Salmonella Probe Hindered by Inadequate Food Safety System

An unwieldy food safety system one expert recently termed a “mess” has kept federal officials from finding the source of a <"">Salmonella outbreak that has sickened over 1000 people in the U.S. and Canada.  The poor performance of the Food & Drug Administration (FDA) and other health agencies in this latest Salmonella outbreak has led to calls for improvements, especially a more efficient and accurate way to trace produce back from the store to the field.

Since April, 1,256 people have been infected with Salmonella Saintpaul.  In June, the FDA blamed certain kinds of tomatoes for the outbreak, and issued a warning to consumers to avoid them.  But long after growers in affected areas stopped shipping tomatoes, and the produce was removed from stores and shelves, people kept getting sick.  What’s more, not a single tomato sample  tested by the FDA came up positive for Salmonella Saintpaul.

It wasn’t until earlier this week that the FDA finally announced that it had found the Salmonella strain  on a single jalapeno pepper at a Texas warehouse.  Now the agency is telling consumers to stay away from fresh jalapenos.

Critics of the FDA say that it and the Centers for Disease Control (CDC) were hampered by their own tunnel vision concerning tomatoes.   Health officials at the CDC and in New Mexico – which had the second highest number of illnesses – identified tomatoes as the culprit behind the outbreak in June, and no one ever looked back.  History also played a part, as tomatoes had caused at least a dozen Salmonella outbreaks in the past several years.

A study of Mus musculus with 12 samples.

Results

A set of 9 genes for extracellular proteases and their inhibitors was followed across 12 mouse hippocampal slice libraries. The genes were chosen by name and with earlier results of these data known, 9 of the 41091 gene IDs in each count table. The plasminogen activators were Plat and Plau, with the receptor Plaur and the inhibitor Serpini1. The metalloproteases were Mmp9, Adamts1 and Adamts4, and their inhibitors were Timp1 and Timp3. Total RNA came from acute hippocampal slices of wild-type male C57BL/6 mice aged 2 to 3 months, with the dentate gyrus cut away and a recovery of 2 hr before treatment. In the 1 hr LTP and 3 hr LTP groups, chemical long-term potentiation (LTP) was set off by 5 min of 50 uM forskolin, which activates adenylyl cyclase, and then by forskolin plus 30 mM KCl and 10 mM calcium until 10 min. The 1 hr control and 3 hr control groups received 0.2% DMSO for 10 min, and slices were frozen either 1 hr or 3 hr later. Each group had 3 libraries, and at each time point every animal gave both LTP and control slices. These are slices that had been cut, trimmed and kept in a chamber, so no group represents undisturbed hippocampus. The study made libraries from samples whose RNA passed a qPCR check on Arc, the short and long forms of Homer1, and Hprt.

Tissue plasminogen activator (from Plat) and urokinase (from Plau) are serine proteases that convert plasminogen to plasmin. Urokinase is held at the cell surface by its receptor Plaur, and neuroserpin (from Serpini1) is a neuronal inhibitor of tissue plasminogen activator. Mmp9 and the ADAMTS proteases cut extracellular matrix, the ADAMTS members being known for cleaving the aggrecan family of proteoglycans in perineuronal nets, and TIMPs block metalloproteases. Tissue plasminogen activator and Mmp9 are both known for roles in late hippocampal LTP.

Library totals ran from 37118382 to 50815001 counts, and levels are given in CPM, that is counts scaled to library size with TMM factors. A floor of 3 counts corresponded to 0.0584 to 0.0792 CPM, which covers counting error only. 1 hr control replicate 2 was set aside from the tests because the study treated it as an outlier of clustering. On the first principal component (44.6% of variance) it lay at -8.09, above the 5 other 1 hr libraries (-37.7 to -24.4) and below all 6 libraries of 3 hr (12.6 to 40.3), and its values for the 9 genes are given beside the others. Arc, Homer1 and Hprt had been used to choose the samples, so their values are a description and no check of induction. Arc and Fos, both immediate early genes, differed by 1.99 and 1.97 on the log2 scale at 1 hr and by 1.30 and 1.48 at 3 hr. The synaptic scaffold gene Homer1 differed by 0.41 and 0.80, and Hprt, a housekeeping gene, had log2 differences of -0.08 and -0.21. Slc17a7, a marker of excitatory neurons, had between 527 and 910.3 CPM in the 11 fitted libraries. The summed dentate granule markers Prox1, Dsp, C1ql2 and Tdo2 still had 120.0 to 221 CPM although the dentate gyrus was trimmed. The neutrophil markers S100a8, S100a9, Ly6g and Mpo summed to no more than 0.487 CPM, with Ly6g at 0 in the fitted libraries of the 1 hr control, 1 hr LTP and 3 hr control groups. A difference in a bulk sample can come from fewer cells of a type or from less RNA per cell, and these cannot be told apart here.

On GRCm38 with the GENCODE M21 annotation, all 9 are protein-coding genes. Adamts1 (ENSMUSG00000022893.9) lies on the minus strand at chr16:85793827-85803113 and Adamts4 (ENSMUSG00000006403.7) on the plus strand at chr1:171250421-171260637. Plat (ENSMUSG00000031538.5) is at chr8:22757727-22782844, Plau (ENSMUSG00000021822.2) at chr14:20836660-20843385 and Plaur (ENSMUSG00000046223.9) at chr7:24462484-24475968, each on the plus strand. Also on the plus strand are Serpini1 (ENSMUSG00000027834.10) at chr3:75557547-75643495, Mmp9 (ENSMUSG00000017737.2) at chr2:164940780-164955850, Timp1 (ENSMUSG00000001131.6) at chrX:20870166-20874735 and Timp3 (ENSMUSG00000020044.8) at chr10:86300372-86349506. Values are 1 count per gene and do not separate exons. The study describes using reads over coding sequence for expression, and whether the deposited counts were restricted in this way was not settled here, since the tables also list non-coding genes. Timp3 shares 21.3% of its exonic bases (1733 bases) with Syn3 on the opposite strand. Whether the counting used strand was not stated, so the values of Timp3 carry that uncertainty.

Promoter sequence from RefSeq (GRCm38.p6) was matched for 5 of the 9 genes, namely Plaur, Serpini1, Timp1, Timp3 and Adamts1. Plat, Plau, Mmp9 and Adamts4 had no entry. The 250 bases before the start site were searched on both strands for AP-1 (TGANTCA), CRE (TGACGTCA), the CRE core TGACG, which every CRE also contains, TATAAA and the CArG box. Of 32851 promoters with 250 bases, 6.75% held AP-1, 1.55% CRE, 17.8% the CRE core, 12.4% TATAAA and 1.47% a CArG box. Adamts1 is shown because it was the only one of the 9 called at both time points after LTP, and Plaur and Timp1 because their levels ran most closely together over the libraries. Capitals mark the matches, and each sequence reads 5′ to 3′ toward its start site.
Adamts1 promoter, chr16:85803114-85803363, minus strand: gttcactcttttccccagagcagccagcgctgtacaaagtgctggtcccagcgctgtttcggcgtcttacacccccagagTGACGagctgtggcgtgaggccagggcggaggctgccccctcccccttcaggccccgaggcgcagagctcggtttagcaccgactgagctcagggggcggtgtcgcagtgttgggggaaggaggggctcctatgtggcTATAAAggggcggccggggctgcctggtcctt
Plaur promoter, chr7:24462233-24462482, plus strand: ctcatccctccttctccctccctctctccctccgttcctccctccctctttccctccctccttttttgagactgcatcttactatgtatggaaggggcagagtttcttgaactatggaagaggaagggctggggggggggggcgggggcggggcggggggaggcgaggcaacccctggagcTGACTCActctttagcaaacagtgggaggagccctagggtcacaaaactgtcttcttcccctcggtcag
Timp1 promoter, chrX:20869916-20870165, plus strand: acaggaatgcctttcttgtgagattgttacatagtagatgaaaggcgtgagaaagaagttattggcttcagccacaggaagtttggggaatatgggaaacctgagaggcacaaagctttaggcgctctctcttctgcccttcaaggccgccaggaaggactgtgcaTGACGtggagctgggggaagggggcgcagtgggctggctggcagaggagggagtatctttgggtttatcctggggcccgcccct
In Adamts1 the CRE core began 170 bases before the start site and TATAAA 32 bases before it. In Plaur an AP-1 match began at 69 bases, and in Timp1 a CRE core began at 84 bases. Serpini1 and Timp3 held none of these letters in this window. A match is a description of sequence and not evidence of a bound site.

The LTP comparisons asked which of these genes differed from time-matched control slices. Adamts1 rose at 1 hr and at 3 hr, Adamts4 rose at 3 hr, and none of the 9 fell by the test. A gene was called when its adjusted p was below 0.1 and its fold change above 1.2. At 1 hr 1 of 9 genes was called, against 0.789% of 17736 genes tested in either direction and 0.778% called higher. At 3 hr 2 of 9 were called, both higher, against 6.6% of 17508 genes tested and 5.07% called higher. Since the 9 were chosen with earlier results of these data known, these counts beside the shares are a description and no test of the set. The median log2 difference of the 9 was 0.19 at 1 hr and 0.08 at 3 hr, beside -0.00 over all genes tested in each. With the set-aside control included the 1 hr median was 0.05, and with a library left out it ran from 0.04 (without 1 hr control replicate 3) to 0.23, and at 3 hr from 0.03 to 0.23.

Jalapenos, on the other hand, had never been involved in an outbreak.   The hot peppers were not even listed on the questionnaire health officials used to interview patients early in the outbreak.

The FDA also was deterred in its hunt for tainted tomatoes because of poor record-keeping and the common practice of mixing and processing tomatoes from many different farms together.  Even if the FDA had found a contaminated tomato, figuring out what packing plant, processing facility, and farm field it came from would have been difficult, if not impossible.

Both the FDA and some prominent lawmakers want to enact regulations that would enhance the FDA’s ability to trace the source of contaminated food.  Traditionally, the agricultural industry has resisted such efforts, fearing liability.  But that may be changing, especially now that tomato growers have suffered millions in losses, in part because of the FDA’s inability to trace this Salmonella outbreak.   In fact, the Produce Marketing Association, an industry trade group, is now working on its own plan to set up a global, electronic tracking system for produce.

In the meantime, the FDA has lifted its tomato warning, but says that they could have still played a role in the outbreak.   And while jalapenos seem to be a culprit, the FDA has not ruled out other foods, including cilantro or Serrano peppers, as possible suspects.